When I first heard that playwright, novelist and all around literary giant Joan California Cooper passed away on September 20, I immediately felt like I had lost family. Through her simple, majestic, beautiful storytelling, Cooper seemed a lot like that auntie whose advice fed you like good country cooking—leaving you full and stronger than before you sat down to eat.

I fell in love with Cooper’s words within the first few pages of her short story “$100 and Nothing!,” which appeared in her first published collection of shorts, A Piece of Mine: Stories. In it, as the unnamed but fiery narrator gave a background account of the protagonist Mary’s life, she also described a man that Mary had fallen for (against the narrator’s better judgment).

Cooper wrote (describing Charles) that he “…had a mouth full of ‘gimme’ and a hand full of ‘reach’.” I giggled. I knew that kind of man and had never read anyone sum him up so perfectly. As a southern blues woman, I was happy I’d found her, and her fiction that wasn’t at all like fiction.

Cooper’s brand of the griot tradition, her straightforwardly rich ability to paint pictures with words, reminded me, and many of us, of the conversations we overheard our mothers and aunts having when we didn’t leave the room completely after having been shooed away. Her stories carried a rhythm, a kind of uproarious laughter, a sort of ache few were able to capture before her and even fewer will be able to replicate after her.

If I were to compare her to any literary figure, it would be another great shero, Zora Neale Hurston, for many reasons. Like Hurston, J. California Cooper sought to weave complicated lessons into uncomplicated anecdotes. She herself described her stories as “sort of like parables,” and would go on to assert that her purpose in writing in such simple honesty was to “help somebody make some right choices.”

J. California Cooper was born in Berkley, California in 1932 and began her literary career as a playwright. She published 17 plays and was named Black Playwright of the Year in 1978. The story goes that Cooper was discovered by Alice Walker, who wrote regarding Cooper’s magnetic storytelling that “her style is deceptively simple and direct and the vale of tears in which her characters reside is never so deep that a rich chuckle at a foolish person’s foolishness cannot be heard.”

But Cooper was already shining brightly in her own right before Walker discovered her brilliant ability to tell stories. It may be more accurate to say that Walker encouraged Cooper to take her role as griot from the stage to the page. As promised by Walker, once Cooper finished her first collection of short stories (the aforementioned A Piece of Mine: Stories), Walker saw that the collection was the first book published to her Wild Trees Press—to high acclaim in 1984. Next came Homemade Love, published in 1986 (which won the American Book Award in 1989), and 1987’s Some Soul to Keep.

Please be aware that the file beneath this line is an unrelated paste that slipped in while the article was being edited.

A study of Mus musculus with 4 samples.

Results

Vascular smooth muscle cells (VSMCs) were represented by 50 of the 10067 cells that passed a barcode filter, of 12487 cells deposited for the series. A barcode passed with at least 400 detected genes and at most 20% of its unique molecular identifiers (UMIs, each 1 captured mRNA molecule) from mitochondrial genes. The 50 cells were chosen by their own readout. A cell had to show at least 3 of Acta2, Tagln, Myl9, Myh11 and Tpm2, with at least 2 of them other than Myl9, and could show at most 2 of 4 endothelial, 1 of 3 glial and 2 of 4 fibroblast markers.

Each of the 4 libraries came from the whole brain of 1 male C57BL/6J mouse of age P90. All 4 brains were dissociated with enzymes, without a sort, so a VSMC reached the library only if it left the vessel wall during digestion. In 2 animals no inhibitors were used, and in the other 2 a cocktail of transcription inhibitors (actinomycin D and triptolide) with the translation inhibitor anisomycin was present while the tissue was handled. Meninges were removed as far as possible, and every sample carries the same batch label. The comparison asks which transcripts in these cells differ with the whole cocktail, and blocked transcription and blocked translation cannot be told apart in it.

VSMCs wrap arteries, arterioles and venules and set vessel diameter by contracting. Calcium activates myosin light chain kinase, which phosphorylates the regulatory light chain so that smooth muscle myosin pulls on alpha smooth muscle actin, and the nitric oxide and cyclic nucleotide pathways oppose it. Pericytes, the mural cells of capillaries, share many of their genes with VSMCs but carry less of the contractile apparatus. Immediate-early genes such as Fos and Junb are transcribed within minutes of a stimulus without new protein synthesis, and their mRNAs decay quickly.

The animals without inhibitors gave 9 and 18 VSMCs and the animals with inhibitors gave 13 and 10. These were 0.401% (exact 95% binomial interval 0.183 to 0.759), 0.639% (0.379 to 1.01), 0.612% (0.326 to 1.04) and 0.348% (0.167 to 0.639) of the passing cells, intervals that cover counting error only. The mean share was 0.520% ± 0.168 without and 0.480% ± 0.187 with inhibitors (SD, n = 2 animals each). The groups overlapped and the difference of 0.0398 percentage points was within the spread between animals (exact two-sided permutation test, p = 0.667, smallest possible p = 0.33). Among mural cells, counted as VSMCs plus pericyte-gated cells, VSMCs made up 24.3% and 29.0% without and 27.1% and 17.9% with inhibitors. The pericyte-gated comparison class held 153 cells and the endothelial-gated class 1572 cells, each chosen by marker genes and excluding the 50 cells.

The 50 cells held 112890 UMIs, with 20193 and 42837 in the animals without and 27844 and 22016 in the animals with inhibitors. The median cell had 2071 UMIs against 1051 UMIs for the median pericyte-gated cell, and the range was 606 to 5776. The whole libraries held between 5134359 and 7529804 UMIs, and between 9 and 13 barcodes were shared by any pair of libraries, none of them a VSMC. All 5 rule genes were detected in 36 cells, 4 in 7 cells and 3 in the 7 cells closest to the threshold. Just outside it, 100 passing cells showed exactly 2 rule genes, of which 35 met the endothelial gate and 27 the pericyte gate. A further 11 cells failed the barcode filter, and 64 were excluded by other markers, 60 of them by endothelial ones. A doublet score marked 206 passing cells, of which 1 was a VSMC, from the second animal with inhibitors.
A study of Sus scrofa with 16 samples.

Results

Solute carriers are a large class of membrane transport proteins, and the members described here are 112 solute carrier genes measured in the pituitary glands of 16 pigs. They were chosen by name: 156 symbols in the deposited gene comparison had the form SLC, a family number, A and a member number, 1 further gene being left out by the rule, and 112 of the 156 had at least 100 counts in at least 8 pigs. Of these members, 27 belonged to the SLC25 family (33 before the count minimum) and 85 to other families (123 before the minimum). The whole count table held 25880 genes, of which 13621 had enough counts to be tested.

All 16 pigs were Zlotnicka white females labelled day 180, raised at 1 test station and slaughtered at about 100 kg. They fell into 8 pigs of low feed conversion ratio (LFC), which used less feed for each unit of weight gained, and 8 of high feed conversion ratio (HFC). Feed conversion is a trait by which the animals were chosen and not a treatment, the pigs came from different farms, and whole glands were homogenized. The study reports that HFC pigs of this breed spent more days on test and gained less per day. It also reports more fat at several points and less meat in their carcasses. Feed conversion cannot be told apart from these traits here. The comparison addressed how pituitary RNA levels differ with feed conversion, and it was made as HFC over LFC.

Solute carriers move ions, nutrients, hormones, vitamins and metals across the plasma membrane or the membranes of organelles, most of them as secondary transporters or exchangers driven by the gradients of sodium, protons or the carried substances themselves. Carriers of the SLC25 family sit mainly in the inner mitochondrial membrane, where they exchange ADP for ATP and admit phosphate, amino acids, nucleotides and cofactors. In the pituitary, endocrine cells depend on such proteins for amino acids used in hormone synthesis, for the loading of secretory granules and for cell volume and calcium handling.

Cooper would go on to write several more novels and short story collections, with her last being 2009’s Life Is Short but Wide. In 1999, her short story “Funny Valentine” was turned into a movie starring Alfre Woodard and Loretta Devine. For her outstanding writing, Cooper received the James Baldwin Writing Award, and the Literary Lion Award from the American Library Association, and was nominated for a NAACP Image Award.

But I don’t know that Cooper would be satisfied with listing her enormous catalog or awards as a form of praise. She has always presented her characters as stand-alone folk who, more than anything, simply translated their stories to her as though they were sitting with her on an open porch. Moreover, Cooper wrote simply because it was in her to write.

She reminds us: “I didn’t write for applause. I’m glad it came, no doubt about it. But I wrote because I’ve been—I was telling stories before I could write. I played with paper dolls ’til I was 18 and nobody even knew my stories except my mother. You know, you do what you do…”

J. California Cooper lived a full life of doing what she did. She made the everyday royal through her stories, but more than anything, she encouraged us all to (as she wrote in the prologue of 1994’s In Search of Satisfaction) “be the things you value.” As far as style, again alluding to how she did what she did, Cooper announced: “I know teachers teach that you should have a diagram of your stories. I don’t ever know the ending of a story. And as I see the characters working it out, that’s my pleasure. I love to see them beat down and rise up, conquer and survive. It’s about survival.”

In 2013, J. California Cooper moved to Seattle, Washington to live with her beloved daughter Paris Williams and continue listening as characters revealed themselves and their stories to her. She passed gently on with Paris by her side, hopefully knowing not only how much she was loved, but more importantly, how much she was respected for keeping us honest. She was 82 and still on fire.